This is the second installment of a three-part series about holiday movies. The first part of this series broke down the best classic holiday movies, and this part will break down the best indie holiday films. Readers will have the opportunity to vote on their favorite films from each category via a poll on The Heights’ Instagram. The results from each poll will inform the third and final installment of the series: the best all-around holiday movie.
This holiday season, I’m urging the Boston College community to break tradition by branching out from their usual choices when watching holiday movies. Plenty of holiday films fly under the radar, and they deserve the same attention as the more well-known movies.
Here are four indie holiday films that deserve a chance this December.
Carol began development in the 90s, making it a long-awaited film by the time it was released in 2015. That being said, critics agree that it was worth the wait. The period piece is based on the 1953 romance novel The Price of Salt by Patricia Highsmith and has sets and costumes emulating the era.
The film stars Cate Blanchett in the titular role, and Rooney Mara opposite her as Therese. Rather than focus on the meaning of Christmas, Carol concentrates more on what it means to find love during the holiday season. Carol and Therese enter a forbidden love in a time where LGBTQ+ rights were limited. Both characters are forced to deal with the ramifications of their affair as their respective lives and relationships begin to deteriorate. While it is emotional for a holiday film, its satisfying conclusion provides the audience with a feel-good ending.
Black Nativity is a multi-genre film with the spirit of the holidays at its center. Directed by Kasi Lemmons, the musical movie is based on Langston Hughes’ play of the same name. Hughes was known for his ability to uplift black culture in his written works, and Black Nativity is no exception.
The film version of Hughes’ play features a star-studded cast, including Forest Whitaker, Angela Bassett, Jennifer Hudson, and Mary J. Blige. The film follows Langston (Jacob Latimore) who receives a watch from Martin Luther King Jr. during the holiday season. After learning about the watch’s significance and meaning, he finds a strong connection with his family and his church after a journey of self-discovery.
Black Nativity stands as a prominent film within the genre of holiday movies, which primarily contains predominantly white casts. Its wholesome message of the importance of family and unity during the holiday season is one that people should rally behind at this time of the year.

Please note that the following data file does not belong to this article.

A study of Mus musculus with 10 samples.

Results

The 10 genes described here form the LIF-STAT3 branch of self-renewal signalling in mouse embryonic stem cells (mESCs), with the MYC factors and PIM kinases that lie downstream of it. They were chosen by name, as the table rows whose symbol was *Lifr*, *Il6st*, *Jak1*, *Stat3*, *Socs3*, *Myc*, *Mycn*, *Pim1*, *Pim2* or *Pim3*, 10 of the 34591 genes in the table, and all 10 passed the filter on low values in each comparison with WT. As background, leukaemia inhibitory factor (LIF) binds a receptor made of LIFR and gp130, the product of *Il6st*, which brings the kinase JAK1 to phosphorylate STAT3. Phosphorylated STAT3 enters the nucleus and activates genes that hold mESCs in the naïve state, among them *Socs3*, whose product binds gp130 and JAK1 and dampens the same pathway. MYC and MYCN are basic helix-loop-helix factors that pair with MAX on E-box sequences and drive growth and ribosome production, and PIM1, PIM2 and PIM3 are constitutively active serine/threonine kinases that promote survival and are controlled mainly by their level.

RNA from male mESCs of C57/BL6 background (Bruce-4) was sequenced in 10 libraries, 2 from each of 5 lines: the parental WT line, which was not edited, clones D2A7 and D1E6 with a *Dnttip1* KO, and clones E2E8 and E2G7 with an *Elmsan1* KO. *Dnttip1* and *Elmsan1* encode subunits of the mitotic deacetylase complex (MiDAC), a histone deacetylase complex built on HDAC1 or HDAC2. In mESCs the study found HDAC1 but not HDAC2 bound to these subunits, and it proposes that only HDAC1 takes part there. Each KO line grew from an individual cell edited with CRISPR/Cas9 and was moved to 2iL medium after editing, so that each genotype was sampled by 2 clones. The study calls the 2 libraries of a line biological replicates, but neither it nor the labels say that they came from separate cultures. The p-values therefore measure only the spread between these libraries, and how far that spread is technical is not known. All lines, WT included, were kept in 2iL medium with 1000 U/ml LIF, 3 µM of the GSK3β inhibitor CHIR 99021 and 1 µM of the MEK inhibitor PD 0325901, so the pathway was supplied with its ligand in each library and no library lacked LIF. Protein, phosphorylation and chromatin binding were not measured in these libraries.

Horror and the holidays don’t typically intersect, causing there to be few movies like Black Christmas. Director Bob Clark, a pioneer in the slasher film genre, envisioned this frightfully festive holiday movie. Released in 1974, the film reemerged in the 21st century as a landmark film within the horror genre, and it should receive the same prominence within the holiday genre.
Black Christmas is about a group of sorority girls who are killed one by one as a serial killer runs about their house. Many critics attribute Black Christmas as one of the first “slasher” films, and some believe that the Halloween franchise used Black Christmas as a mold. Two remakes of the film have been made. Together, the three Black Christmas movies grossed nearly $45 million at the box office worldwide.
The movie draws its inspiration from both urban legends and real-life murders. Although there are no scenes with Santa Claus or family gift wrapping, the scenery depicts wintery landscapes and Christmas-themes settings with an eerie twist, establishing it as an irrefutable member of the holiday film category.
The Lunch Date
Unlike the rest of the movies on this list, The Lunch Date is a short film posted on YouTube. Written and directed by Adam Davidson, this 12-minute short authentically represents all aspects of the holidays, both the stressful and pressure-filled moments and the joyous and exciting ones.
The film stars a woman (Scotty Bloch) who misses her train in Grand Central Terminal after holiday shopping. She decides to sit down at a diner instead, where a man (Clebert Ford) steals her salad. The short film is filmed in black and white to give it a retro feeling, and the coloring works to make the movie feel authentic and genuine by emphasizing the film’s simplicity in both concept and message.
Instead of focusing on vivid colors or scenery, the viewer can listen closely to the dialogue and analyze the mannerisms of the actors.
The Library of Congress added The Lunch Date to the National Film Registry in 2013. The short film received numerous awards upon its release, including an Academy Award for Best Live Action Short Film in 1991. It might not get the attention it deserves because of its short runtime, but it’s easily accessible and worth considering for a quick watch this holiday season.